Where to eat late at night in Atlanta? Ask a bartender

A late-night adventure with Bon Ton bar manager Tyler Reddick

Where to eat past midnight: Ink
Who doesn’t love Ink’s tinned octopus at 1 a.m.?

Photograph by Fernando Decillis

Tyler Reddick knows the city’s nocturnal side. The Atlanta native, who both lives and works off of Ponce de Leon Avenue, mixed drinks at the Sound Table and Edgewood Avenue’s Corner Tavern before joining Bon Ton’s opening staff in 2017 as a bartender (he’s now bar manager). Bon Ton’s ambitious, New Orleans–inspired cocktail program keeps Reddick slammed throughout the night—which means, on weekends, he typically doesn’t clock out until the wee hours. At the end of these adrenaline marathons, he’s too amped up to head home and pass out. So, after pouring drinks for his staff, locking the doors, and turning off the lights, Reddick often goes out: to a smoky dive for cheap beer and fried potatoes, to a zen-like space for a refined cocktail and fancy snacks, or to a 24/7 taco joint that’s nowhere near Ponce but worth the trek by virtue of its gargantuan, cheese-shellacked quesadilla (and its drive-thru). Sometimes, on a night like tonight, it’s all three.

Where to eat past midnight: Ink
Reddick’s first post-shift stop.

Photograph by Fernando Decillis

Stirred cocktails and tinned octopus at Ink (now 8Arm Wine)

Reddick is sipping a Topo Chico and chatting with bartender Nick Chaivarlis when I meet him inside the dark, seductive drinking den that is Ink (a few weeks later, it would switch concepts to a natural wine bar from the same owners; what’s described here, aside from the cocktail, remains on offer). “This is usually my first stop after leaving work because it’s quiet,” Reddick says. “I can ease out of work here. This is my zen.”

Tonight, Reddick’s looking for something with rum and vermouth—“maybe funky, maybe agricole-y.” A few minutes later, Chaivarlis passes him a dark, stirred drink composed of two agricole rums, sweet vermouth, Madeira, bitters, and a dash of pimento dram. Within minutes, Reddick’s food order materializes: seasoned Marcona almonds and plump, briny olives drowned in oil, two slices of toasted bread from Root Baking Company, and tinned octopus.

“This is par for the course for me: to have a little nibble, especially after the rush from work,” Reddick says.

Once we’ve mostly vanquished Reddick’s snacks, Chaivarlis pours shots for Reddick and bar manager Joshua Fryer. Sniffing his glass, Fryer describes its aroma as “a caraway cloud.” It’s Icelandic aquavit; native Icelanders, Fryer tells me, affectionately call it Black Death. Seems like a good omen. We drain our glasses and head to our next stop.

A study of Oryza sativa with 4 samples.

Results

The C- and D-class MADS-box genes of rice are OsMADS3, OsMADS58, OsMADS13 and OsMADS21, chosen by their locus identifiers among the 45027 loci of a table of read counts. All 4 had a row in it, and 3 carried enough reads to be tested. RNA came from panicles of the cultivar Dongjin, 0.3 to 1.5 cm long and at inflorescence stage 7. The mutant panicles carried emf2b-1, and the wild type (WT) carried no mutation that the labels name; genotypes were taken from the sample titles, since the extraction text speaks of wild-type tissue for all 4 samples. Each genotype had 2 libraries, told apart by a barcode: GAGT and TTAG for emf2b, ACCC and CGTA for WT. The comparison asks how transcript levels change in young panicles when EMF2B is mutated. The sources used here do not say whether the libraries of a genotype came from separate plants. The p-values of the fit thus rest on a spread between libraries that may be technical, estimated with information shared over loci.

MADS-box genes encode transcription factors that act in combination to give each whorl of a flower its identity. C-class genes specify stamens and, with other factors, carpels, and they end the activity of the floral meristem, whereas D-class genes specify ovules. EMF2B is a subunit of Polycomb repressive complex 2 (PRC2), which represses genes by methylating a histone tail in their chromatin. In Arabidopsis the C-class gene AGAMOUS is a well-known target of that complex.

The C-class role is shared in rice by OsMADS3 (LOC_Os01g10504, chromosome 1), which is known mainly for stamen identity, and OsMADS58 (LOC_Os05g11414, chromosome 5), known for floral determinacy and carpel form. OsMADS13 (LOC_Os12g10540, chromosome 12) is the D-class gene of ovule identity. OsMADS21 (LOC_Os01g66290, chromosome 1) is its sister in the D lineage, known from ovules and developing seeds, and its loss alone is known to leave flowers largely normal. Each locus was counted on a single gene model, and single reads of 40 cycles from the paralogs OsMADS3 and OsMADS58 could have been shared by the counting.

710 Ponce de Leon Avenue, 470-875-5856

Where to eat past midnight: Righteous Room
Righteous Room’s insanely good salt-and-vinegar potatoes.

Photograph by Fernando Decillis

Cheap beer and potatoes at Righteous Room

Righteous Room is packed, so we claim barstools on the patio. A server brings Reddick a Miller Lite. “I’ve been coming here in waves of frequency for about 10 years,” he says.

A lot of bars work too hard to engineer the mood, he adds, but that’s not the case here. In this era of meticulously curated Spotify playlists, Righteous Room’s jukebox is run by bar-goers with a few bucks to spare. As the jukebox transitions from Yaz to Beastie Boys, Reddick’s favorite Righteous Room nosh arrives: a small mountain of golden, salt-and-vinegar potato wedges. They’re crispy like French fries but more substantial, packed with what Reddick calls “baked potato goodness.”

The jukebox launches a Hall & Oates song as we settle up. It’s time to make our way north.

1051 Ponce de Leon Avenue, 404-874-0939

Where to eat past midnight: Mama's Cocina Latina
A beautiful mess at Mama’s.

Photograph by Fernando Decillis

Jarritos and a Pizza-Dilla at Mama’s Cocina Latina

The parking lot at Mama’s is almost full, and the restaurant is abuzz with hungry night owls posted up with carnitas tacos and Jarritos beneath fluttering Corona banners. Mama’s—which not only is open around the clock but boasts a crucial drive-thru—is a rare, fluorescent-lit gem. Especially for people who clock out as late as 3 a.m.

Reddick has been hitting up Mama’s and its predecessor, Taco Cabana, for about 15 years. “I used to live a quarter-mile from here, so Smith’s Olde Bar was the first bar I drank at, and this was the first restaurant I’d stumble to afterward,” he says.

We pluck a couple mandarin Jarritos from a big ice chest and order a bunch of dishes, including Reddick’s favorites: huevos rancheros and a quesadilla.

The cashier shouts our order number over the intercom, and we schlep the feast on a couple of plastic trays toward our corner table, making a quick detour to the condiment bar for tiny plastic thimbles of salsas verde, negro, and habañero.

Reddick loves Mama’s huevos rancheros for the shatteringly crunchy, near-burnt bacon piled on top. And that quesadilla is a monster. Rather than folding one tortilla in half, the Mama’s way is to double up with two tortillas, mortared together with a thick layer of cheese. “It’s basically the size of a pizza,” says Reddick—such that, if you hit the drive-thru, Mama’s serves it in an actual pizza box.

“You open it up, and it’s . . . a pizza-dilla,” Reddick says with a grin. “Taco Bell, eat your heart out.”

1958 Piedmont Road, 404-874-6152

This article appears in our September 2019 issue.